In each film in the trilogy, Guzmán turns a famous feature of Chile into a central metaphor. In Nostalgia for the Light, it was the Atacama Desert and the skies above them, and in The Pearl Button it was the Pacific Ocean. Here it is the Andes mountain range (cordillera), which straddles Chile’s border with Argentina and occupies 80% of the country’s geography. What better way to attempt to comprehend and represent a period of political violence with an estimated 40,000 victims than through something of such scale? While the first two films represented the unknown and ambiguous with the seemingly endless nature of space and the ocean, in The Cordillera of Dreams, Guzmán inverts that metaphor. The Andes are a site of time and history that remains present, layered, and visible, if not always legible. “I believe the mountain is a witness,” he says at one point. That act of witnessing serves as a central thread of the film.
That includes Guzmán’s own role as a witness, one both present and absent. Distance is evoked throughout, whether in terms of the time that has elapsed since he first took to the streets to film the violence of the military takeover in his classic The Battle of Chile (La Batalla de Chile, 1973-1975), or in terms of actual geographical space. “Every time I pass over the Cordilleras, I feel I’m arriving at the country of my childhood,” he narrates, negotiating his position as a Chilean who hasn’t lived there for decades.
Elsewhere, he moves beyond metaphor to consider the physicality of the mountains themselves. Reflections on the grass and wind of the vast region are paired with explicit mentions of the extraction of resources by foreign entities. It’s a continuation of 40 years of neoliberalism which was first initiated by Pinochet’s drastic acts of privatization and Chicago-style economics.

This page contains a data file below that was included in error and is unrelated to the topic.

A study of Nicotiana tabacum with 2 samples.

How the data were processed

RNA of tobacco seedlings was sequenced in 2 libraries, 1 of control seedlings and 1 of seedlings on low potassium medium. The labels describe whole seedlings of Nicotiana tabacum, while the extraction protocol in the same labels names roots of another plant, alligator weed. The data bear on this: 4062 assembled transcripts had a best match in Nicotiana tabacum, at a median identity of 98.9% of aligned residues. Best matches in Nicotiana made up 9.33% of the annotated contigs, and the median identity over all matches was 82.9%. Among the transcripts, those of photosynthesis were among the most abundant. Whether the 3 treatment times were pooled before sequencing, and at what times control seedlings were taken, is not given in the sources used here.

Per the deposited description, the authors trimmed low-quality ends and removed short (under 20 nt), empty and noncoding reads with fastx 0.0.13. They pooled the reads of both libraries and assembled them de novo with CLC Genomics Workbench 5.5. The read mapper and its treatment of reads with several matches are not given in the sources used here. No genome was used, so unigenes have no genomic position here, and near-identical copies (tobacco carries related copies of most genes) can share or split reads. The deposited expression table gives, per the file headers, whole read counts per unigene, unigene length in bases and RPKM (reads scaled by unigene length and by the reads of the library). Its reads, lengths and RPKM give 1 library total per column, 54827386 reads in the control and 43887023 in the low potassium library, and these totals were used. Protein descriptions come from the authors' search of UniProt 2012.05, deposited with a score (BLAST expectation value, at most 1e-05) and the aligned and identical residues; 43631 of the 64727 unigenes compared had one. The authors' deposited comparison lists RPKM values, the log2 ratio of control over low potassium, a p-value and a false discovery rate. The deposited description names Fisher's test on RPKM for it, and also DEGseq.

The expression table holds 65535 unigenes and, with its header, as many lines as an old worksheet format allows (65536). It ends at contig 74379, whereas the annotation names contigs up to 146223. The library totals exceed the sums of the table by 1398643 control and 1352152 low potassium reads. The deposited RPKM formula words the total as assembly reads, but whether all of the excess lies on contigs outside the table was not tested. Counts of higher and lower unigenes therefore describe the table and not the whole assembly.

In each film in Guzmán’s trilogy, he returns to tools and techniques of visualization as points of inquiry, both scientific and artistic. In Nostalgia for the Light, emphasis is placed on the ability to render the inaccessible legible to the human eye, particularly via the massive telescopes that produce the film’s grand representations of the Solar System. Elsewhere he focuses on an astronomical tool handcrafted by a former prisoner of the Pinochet regime, suggesting that acts of seeing can double as acts of resistance. Throughout both The Pearl Button and The Cordillera of Dreams, Guzmán questions the ways in which documentary material is unstable and holds the potential for political intervention. In the former, this is achieved through archival photographs of Indigenous Chileans, with Guzmán and his interlocutors reading against the ethnographic or exploitative context of their production. This new film interrogates how a camera can capture one version of reality, but its material can be read through divergent viewpoints.
Guzmán incorporates interviews throughout The Cordillera of Dreams, predominantly with artists (and almost exclusively with men, an unfortunate decision also shared by the other works in the trilogy). Their discussions of their work illustrate various types of witness, from abstract painting and sculpture to documentary filmmaking. Chief among them is videographer Pablo Salas, who has filmed protests and other events in Chile from the 1980s through the present. Interviewed in his studio, surrounded by cassette tapes, his archive exists as his own mountain range, a site where history is stored and available, but risks being forgotten.
Excerpts of Salas’s cassettes are shown, and they make for some of the documentary’s most striking moments. Images of protesters blasted by water cannons and other acts of violence hint at the even more severe atrocities that took place out of sight of cameras. It grounds the repeated questioning of history in the violence that remains unatoned for. For Guzmán and Salas, the official history is less an ignorance of the facts than a callous a reinterpretation of them. It’s here, and through sequences of recent protests captured by Salas on the same streets as in the 1980s, that The Cordillera of Dreams moves from ponderous to urgent. If time seems to pass more slowly in Chile, according to Guzmán, it is because vital questions have lost none of their relevance.